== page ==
BCS v. Playoffs: Why MLB Is To Blame


In case you hadn’t noticed, some college football fans like the idea of a college football playoff. What’s interesting is the sharp increase of coverage on the topic over the last few years.

Is the increase in coverage warranted? Most definitely.

But in past years the discussion didn’t really heat up until the later weeks of the season and was basically a filler for ESPN in the off-season.

Now it’s a year-round topic that can make a casual fan seem like Jay Mariotti on "Around The Horn." The second that someone mentions the topic, everyone nearby is jockeying for position on the soapbox.

What changed? The easiest answer is that last season’s topsy-turvy ways awakened the inner orator in all of us.

Seeing South Florida get as high as second in the country showed that parity had finally come to college football, and a playoff was the only way to choose a true national champion. It’s a compelling argument.

The problem with the argument is that there wasn’t much of a difference between the preseason rankings and final rankings. Fourteen teams appeared in both the preseason and final AP polls and eight teams that appeared in the final poll were listed under “Others Receiving Votes” in the preseason.

That leaves only three teams (Kansas, Cincinnati, and Illinois) that ended up in the top 25 at season’s end that weren’t considered for it in the preseason.

So what else could be the reason for all this?

I think it’s Major League Baseball. More specifically, how Bud Selig handled the public demand for instant replay. Let me explain.

The question of instant replay in baseball has been out there for a while now. Bud Selig continuously dismissed the idea, even after a strong majority of major league GMs said they wanted it. Then, in May, a series of blown homerun calls increased the pressure on the commissioner to do something.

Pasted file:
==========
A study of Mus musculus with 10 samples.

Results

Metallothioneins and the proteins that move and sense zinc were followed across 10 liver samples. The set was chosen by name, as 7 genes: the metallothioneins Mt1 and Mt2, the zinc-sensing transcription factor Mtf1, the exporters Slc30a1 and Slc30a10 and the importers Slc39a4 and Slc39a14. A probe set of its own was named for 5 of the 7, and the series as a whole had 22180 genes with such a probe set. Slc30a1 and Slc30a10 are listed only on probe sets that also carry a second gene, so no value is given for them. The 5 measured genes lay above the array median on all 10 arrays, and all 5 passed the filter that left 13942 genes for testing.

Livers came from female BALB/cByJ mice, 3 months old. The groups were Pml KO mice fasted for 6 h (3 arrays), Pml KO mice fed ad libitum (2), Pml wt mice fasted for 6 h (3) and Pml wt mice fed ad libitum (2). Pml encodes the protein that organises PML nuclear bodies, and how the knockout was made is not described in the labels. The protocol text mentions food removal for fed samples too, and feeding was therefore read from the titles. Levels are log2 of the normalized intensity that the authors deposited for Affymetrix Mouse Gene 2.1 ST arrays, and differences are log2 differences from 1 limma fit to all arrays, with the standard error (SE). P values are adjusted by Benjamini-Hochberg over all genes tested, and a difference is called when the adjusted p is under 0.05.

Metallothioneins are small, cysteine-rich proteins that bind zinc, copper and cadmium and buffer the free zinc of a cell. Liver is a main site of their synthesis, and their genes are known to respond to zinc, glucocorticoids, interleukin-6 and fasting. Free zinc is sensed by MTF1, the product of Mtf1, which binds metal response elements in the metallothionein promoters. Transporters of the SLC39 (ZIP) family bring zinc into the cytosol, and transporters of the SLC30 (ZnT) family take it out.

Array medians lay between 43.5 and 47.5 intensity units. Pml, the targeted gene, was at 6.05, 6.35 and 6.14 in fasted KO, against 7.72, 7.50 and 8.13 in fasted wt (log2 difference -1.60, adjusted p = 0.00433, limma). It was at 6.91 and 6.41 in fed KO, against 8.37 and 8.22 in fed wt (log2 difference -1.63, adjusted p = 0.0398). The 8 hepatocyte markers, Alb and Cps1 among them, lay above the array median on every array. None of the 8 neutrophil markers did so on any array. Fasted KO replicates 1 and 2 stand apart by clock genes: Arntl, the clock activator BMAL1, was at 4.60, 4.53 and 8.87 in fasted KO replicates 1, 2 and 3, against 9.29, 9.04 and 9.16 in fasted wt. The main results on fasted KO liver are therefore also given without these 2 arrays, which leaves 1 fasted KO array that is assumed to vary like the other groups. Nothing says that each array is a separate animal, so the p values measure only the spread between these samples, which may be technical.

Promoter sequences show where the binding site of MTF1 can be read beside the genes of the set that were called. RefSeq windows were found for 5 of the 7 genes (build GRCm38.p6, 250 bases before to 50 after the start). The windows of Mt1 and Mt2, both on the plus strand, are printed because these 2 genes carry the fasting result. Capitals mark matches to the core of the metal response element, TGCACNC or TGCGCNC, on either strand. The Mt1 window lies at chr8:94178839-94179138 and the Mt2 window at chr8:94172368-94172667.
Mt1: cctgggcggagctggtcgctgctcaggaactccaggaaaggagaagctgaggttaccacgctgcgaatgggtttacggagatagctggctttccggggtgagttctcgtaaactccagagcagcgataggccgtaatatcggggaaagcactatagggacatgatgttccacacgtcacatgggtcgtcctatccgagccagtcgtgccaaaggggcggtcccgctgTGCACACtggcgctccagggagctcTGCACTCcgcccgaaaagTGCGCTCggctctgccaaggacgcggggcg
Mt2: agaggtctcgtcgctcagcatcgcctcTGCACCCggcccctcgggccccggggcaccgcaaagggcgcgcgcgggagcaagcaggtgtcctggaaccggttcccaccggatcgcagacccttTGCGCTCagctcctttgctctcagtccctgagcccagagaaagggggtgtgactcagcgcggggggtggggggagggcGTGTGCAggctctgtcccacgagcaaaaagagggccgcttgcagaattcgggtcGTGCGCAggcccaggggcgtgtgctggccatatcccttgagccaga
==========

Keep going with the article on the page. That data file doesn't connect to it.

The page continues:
Sound familiar? It is interesting to see the parallels between the situations. For those of you who aren’t sure where I’m heading yet, I’ll continue.

The media, especially ESPN, had a field day with it. Fans jumped on the bandwagon and started arguing for or against instant replay every chance they got. And then Selig caved. Instant replay was instituted before the season ended and on Sept. 4, it was used for the first time.

Some people think that it would be a good thing for college football to follow suit and institute some sort of playoff for this season. I disagree.

Bud Selig acted too quickly and ended up putting together a system that fails on many counts. Ironically, college football has the exact system that Selig wanted. All baseball needs is a replay official in the press box at every game.

Selig wanted the game to not be slowed down, so he made it so the umpires listen to the coaches’ arguments, decide whether or not to look at the replays, go inside to look at the replays, and then decide whether or not to go against their comrade’s call.

Instead of all that, a replay official could review a disputed home run while the coaches are arguing with the umpires and get a ruling down to the field very quickly.

But now, when the current replay system slows the game down, Selig will be able to say that he was right and use that faulty logic to go back to the way it was.

If college football officials were to act as Bud Selig did, they could easily make the same mistake. They may come up with some convoluted system that makes little to no sense (but slightly resembles a playoff) and, when nobody likes the system, will decide that they were right in the first place. Fans will then be as miserable as ever.

I realize that having the president-elect speak out in favor of a playoff might be enough to convince most people that it needs to happen now, but hopefully it doesn’t rush the process.

There should be a playoff system. But if college football is going to do it, they have no reason to not do it right the first time.

In the event that college football goes down the same path as Major League Baseball anyway, you know whom to blame.